No life spent in rock & roll comes without its share of close calls and run-ins with the law, and Josh Flagg's is no different. A lifetime musician - he started playing mandolin under his father's tutelage before he was out of grade school and was playing all-ages shows in Philadelphia ahead of Orange 9mm at the ripe old age of 13 - Flagg encountered no shortage of unsavory characters. "I remember I had been playing with this other band and we did a show in Virginia," he recalls. "We were all sitting at the bar drinking, and I get a call from our lead singer. She was trapped in the van outside and some guy with a swastika carved into his forehead had chased her out of the bar and was banging on the van trying to get her." The situation doesn't improve on his home turf: a recent get-together of old high school friends quickly turned precarious. "There was a guy at the bar who, for some reason, decided he wanted to fight me," he laughs. "I don't even know why – he didn't like the cut of my jib, I guess. I didn't even find out until the next day. One of my friends called me and said, 'Seriously, man, that guy wanted to kill you.' Meanwhile, I'd been putting my arm around him, laughing right in his ear…"
This kind of physicality goes hand-in-hand with a very particular kind of music, but what’s surprising is that Flagg's music isn't some rough & tumble contrivance of snarling boozer attitude topped with strung-out narratives of rock debauchery. It's the exact opposite: taut, perfectly-constructed glistening power pop that summons a more muscular Cheap Trick, Big Star on a bender or the Foo Fighters with frontloaded melodies. Flagg's got a rough, ragged voice, and it scrapes against the songs' jagged guitars and deftly counteracts the bright, soaring harmonies. Throughout, Devastate Me is the perfect balance of sweet and sour. Like the man himself, Flagg's songs are brawlers with busted noses, but hearts of gold.
Fittingly, Flagg has no patience for rock bloat. "One thing I really respect in a band is keep the solos either nonexistent or very short," Flagg says. "I don’t want to hear the singer give a speech. I'm not looking for a 2.5 hour show. I want a band that has their shit together and can kill it for 35 minutes. That’s our mind frame; take no prisoners and don’t let it get old."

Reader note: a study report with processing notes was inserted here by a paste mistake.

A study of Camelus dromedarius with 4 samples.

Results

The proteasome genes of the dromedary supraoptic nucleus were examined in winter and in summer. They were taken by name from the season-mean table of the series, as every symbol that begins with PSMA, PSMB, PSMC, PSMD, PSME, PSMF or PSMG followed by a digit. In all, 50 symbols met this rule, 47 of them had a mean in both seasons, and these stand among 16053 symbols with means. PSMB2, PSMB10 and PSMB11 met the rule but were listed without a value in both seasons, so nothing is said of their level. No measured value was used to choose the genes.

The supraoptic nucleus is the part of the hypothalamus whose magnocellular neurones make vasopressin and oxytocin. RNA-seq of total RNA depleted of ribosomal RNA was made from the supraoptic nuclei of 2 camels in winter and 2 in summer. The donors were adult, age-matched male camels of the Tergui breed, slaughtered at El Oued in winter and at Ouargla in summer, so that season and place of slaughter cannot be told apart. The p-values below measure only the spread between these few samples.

And while Flagg's songs are certainly characterized by their impressive velocity, what impresses most is the record's sonic range. "256," which recalls The Cure's "Push" (a slow-builder), progresses steadily from sedate beginning to full-bloom chorus with the song gradually opening to full stride and Flagg swearing "We won't grow old, we can never be controlled" over a high-arcing, crystalline guitar. The title track is all muscle and sinew, a tense guitar strum and Flagg's voice barreling up the center. "Come Back To Me" offsets sly, sinister lyrics written from the perspective of a comic book villain ("I can't believe it's been another year since you escaped from my secret lair") with a desperate vocal melody and anxious, clawing guitars. The record is an unlikely, but masterful fusion: guitar-driven pop songs that exude rock attitude.
"I don’t like the You-Me-Girl aspect to songwriting," Flagg says. "It's a little cloying. I wanted to take those same sentiments and subvert them. Take really cliché choruses, but have them, when you listen to the lyrics, turn out to be about zombies – or written from the perspective of a cancer cell. It's an interesting way to undermine the classic pop format. I mean, 'Bring Me Back To Life' is about a zombie looking for his girlfriend, more or less."
It's that very counter intuitiveness that powers Devastate Me - songs that barrel their way into your brain with a bruiser's charm and a pop savant's golden ear for melody. "This record is the purest representation of who we are as a band right now," Flagg says. It's a fantastic contradiction: a breathtaking showdown that pits pop hooks against right hooks.